Last night, our minyan was fortunate to meet Jude Rose and watch a film about their journey from being a rebbetzin to coming out as non-binary. What struck me most was hearing Jude’s clear voice of unassuming confidence and self-knowledge, which felt such a contrast to the pictures and story shown in the film of the earlier Jude, pushed into an early marriage and trapped in a life which felt conflicted and untrue to who Jude was and is. I felt thankful that Jude was able to grow into a person who feels comfortable in their skin and able to celebrate their full humanity. In my view, there is Godliness in this, and I’d like to explain why.
This week’s parasha, Pekudei, closes the book of Shemot. It is a climactic ending, as the Mishkan is completed and God’s presence fills the sanctuary in the form of a cloud. We can only imagine the elation for the community who have poured so much time, energy and resource into creating this beautiful portable home for God watch as God fulfils the promise “make me a sanctuary and I will dwell among you”.
However, until towards the end of the parasha, we still don’t know for sure whether God’s presence will come into the Mishkan. Rabbi Aviva Richman talks about “Moshe’s gamble” - after the golden calf there was a strong chance that the Mishkan deal was “off” - that the Israelites had lost their chance to build God a home. Moshe takes a gamble by building anyway, following God’s every instruction even though God’s voice has ceased to be present.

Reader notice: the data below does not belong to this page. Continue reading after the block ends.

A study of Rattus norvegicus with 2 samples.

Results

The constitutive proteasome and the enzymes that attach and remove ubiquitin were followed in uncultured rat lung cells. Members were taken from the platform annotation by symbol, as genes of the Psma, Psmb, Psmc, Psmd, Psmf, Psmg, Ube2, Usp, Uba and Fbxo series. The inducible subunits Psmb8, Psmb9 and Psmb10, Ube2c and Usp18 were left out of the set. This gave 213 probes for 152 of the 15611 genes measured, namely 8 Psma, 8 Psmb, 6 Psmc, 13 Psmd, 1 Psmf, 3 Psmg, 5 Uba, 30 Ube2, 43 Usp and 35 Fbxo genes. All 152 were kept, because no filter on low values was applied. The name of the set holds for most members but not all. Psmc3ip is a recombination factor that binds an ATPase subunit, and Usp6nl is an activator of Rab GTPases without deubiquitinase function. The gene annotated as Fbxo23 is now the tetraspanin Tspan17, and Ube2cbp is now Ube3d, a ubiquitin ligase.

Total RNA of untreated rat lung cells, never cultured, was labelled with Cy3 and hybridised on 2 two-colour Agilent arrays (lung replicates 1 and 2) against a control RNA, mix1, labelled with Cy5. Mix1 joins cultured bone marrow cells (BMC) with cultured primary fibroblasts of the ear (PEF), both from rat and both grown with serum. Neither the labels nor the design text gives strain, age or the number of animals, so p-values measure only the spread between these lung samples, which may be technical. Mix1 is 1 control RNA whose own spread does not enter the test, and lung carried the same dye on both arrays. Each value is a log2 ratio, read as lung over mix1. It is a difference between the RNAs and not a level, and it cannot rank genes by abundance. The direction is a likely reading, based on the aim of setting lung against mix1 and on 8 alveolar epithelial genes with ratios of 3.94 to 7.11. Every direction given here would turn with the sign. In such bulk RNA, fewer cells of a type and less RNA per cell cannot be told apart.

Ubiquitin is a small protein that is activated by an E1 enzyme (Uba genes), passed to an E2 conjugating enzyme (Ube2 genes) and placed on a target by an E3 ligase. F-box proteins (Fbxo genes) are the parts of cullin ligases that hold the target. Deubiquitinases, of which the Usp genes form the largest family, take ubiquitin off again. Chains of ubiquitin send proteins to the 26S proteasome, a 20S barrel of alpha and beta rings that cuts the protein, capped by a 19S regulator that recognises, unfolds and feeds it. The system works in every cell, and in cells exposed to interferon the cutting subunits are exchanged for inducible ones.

God’s voice and presence does, thankfully, follow the Mishkan’s completion. But just before this, something remarkable happens: “Just as the LORD had commanded Moses, so the Israelites had done all the work. And when Moses saw that they had performed all the tasks—as the LORD had commanded, so they had done—Moses blessed them.”
כְּכֹל אֲשֶׁר־צִוָּה יְהֹוָה אֶת־מֹשֶׁה כֵּן עָשׂוּ בְּנֵי יִשְׂרָאֵל אֵת כׇּל־הָעֲבֹדָה׃ וַיַּרְא מֹשֶׁה אֶת־כׇּל־הַמְּלָאכָה וְהִנֵּה עָשׂוּ אֹתָהּ כַּאֲשֶׁר צִוָּה יְהֹוָה כֵּן עָשׂוּ וַיְבָרֶךְ אֹתָם מֹשֶׁה׃
Moshe looks around at the stunning completed Mishkan, and blesses the people around him, blesses those who have done the work, the human beings who produced what God asked for.
What were the words that Moshe blessed with? The midrash supplies them:
“May it be the will of God that God’s Shechinah rest upon the work of your hands; ‘and let the beauty of the Lord our God be upon us and establish the work of our hands upon us’” These words, which include an excerpt from Psalm 90, ask at multiple points for a connection between what we do in the world and God’s presence. The word here for “beauty” is נֹעַם “noam”. As many of you know, that’s our son’s name, and it’s a word which continues to generate beautiful meaning for us. Recently, Harris gave a dvar Torah in memory of his grandmother which explored how many instances of נֹעַם in our siddur and Tanakh are all about God’s beauty (or delightfulness) reflected or refracted in human beings. What message can we take from all this? In our world, we’re a bit like Moshe waiting for God’s Shechina (presence) to arrive. We might not yet know if or how God is going to live among us. Like Moshe, we gamble, doing the best we can. But what we do have is the beautiful human beings around us. Like Moshe, we can bless one another with נֹעַם - with seeing Godliness reflected in each and every human being. And we too can strive to embody נֹעַם - to reflect God by being as true to the selves God created as possible, and living our humanity to its fullest.